Martian microbes, maybe

Billions of years ago, Mars could have been teeming with very small Martians

The first sample of Martian rock drilled by the rover Curiosity. Scientists say the rock provides evidence that microbes could have once lived on Mars. Credit: NASA, JPL-Caltech, MSSS  Permission: press photo, NASA public domain
The first sample of Martian rock drilled by the rover Curiosity. Scientists say the rock provides evidence that microbes could have once lived on Mars. NASA, JPL-Caltech, MSSS

In February, NASA’s Curiosity rover made history when it plunged a drill into the Martian surface to collect a powdery rock sample. Scientists now say that those bits of rock show the Red Planet may have been able to support life billions of years ago.

Curiosity didn’t find life. It didn’t stumble over footprints or alien bones. But the rock contains clues to the planet’s ancient history. Scientists already knew that a long time ago, Mars had freshwater. Life as we know it requires water. The recently collected rock samples provide evidence that the planet’s ancient aquatic environment might have been able to support microbes.

“We have found a habitable environment,” John Grotzinger told Science News. Grotzinger studies rocks for signs of possible life and is a project scientist for the Curiosity rover. He also teaches geology at the California Institute of Technology in Pasadena.

Curiosity’s adventure began in August when it landed in Gale Crater. The giant, bowl-shaped formation hosts a 5-kilometer (16,400-foot) mountain in its middle. The rover soon rolled into an area now called Yellowknife Bay. It looks like a place where a stream once spilled into a larger body of water. There, Curiosity gathered its first sample.

“Mars has written its autobiography in the rocks of Gale Crater,” said scientist Michael Meyer. “Chapter One is Yellowknife Bay.” Meyer leads the Mars Exploration Program at NASA’s headquarters in Washington, D.C.

Curiosity’s drill allows the rover to explore below the planet’s famous reddish-brown surface. That means the rover can gather rocks where they formed, rather than where they’ve been blown by strong Martian winds. After Curiosity scooped up the rock, two onboard tools identified its chemical recipe.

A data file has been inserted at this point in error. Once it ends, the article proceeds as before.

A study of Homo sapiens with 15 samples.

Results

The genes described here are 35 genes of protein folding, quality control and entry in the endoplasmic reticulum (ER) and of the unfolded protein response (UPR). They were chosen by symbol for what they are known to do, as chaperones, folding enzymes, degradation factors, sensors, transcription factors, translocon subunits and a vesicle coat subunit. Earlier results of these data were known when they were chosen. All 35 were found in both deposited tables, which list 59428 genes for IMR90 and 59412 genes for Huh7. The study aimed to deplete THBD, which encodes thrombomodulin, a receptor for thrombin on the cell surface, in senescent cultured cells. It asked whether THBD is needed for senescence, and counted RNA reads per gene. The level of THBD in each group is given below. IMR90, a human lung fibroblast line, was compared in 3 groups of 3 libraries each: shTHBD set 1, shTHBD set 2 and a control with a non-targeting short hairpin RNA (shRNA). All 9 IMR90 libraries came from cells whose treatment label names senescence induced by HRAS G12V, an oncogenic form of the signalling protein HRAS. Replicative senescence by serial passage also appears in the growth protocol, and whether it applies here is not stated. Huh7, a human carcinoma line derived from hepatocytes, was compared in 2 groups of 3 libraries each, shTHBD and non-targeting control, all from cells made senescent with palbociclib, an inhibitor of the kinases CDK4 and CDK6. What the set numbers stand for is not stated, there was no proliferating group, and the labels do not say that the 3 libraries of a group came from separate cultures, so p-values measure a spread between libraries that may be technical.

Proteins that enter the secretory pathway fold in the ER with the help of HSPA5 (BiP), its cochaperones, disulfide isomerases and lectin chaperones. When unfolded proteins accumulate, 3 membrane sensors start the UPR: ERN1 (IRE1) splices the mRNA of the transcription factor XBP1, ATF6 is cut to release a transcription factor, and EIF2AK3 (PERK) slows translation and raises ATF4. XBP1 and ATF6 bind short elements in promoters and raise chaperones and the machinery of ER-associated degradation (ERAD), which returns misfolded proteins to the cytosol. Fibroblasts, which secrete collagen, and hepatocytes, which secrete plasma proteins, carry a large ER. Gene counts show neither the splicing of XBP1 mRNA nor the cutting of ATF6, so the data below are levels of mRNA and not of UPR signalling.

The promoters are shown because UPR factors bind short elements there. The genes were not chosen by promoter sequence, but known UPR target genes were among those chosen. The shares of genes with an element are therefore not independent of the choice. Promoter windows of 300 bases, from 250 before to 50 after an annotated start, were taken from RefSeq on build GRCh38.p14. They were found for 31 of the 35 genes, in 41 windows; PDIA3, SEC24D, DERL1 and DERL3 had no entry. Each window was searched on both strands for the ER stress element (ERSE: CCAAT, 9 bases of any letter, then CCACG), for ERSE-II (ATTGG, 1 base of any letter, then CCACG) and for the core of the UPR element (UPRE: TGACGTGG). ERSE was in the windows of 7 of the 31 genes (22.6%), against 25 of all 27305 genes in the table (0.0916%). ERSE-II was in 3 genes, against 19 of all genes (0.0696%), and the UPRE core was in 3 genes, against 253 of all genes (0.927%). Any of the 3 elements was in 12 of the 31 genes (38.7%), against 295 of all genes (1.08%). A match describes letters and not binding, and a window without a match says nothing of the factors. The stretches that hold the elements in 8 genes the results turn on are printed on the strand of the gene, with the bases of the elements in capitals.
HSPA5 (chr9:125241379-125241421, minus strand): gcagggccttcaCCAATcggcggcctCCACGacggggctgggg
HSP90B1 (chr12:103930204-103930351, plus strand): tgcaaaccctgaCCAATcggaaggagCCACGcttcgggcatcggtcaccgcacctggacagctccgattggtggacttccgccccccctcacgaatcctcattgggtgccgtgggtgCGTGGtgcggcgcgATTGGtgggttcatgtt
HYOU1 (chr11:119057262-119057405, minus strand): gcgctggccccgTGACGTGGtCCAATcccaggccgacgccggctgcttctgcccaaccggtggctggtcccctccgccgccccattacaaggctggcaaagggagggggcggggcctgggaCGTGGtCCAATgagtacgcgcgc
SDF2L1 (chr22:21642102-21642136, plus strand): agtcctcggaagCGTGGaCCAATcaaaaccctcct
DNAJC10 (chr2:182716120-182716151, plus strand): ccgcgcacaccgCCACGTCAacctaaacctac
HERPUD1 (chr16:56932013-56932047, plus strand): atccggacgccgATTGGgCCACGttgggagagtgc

The rock contained six common elements that could have supplied energy to Martian microbes, Grotzinger said. On Earth, he noted, microbes can feed on these elements. In the distant past, maybe they did on Mars, as well.

This rock marks an exciting start to Curiosity’s exploration of our solar system’s fourth planet from the sun. The rover — the biggest yet sent to Mars — is just getting started. Scientists need more samples to be sure those elements exist elsewhere on Mars (and weren’t simply carried there from Earth by the rover itself). These studies can give scientists an idea of what was happening when Mars was warmer and wetter, billions of years ago. 

Power Words

geology The science that deals with Earth’s physical structure and substance, its history and the processes that act on the planet. Planetary geology is the science of studying the same things about other planets.

autobiography The story of the author’s life, written by the author.

element Each of more than one hundred substances that cannot be broken down into simpler substances.

crater A large, bowl-shaped cavity in the ground or on the surface of a planet or the moon. They are typically caused by an explosion or the impact of a meteorite or other celestial body.

NASA rover A carlike vehicle designed to travel across the surface of the moon or some planet without a human driver. Some rovers also can perform computer-driven science experiments.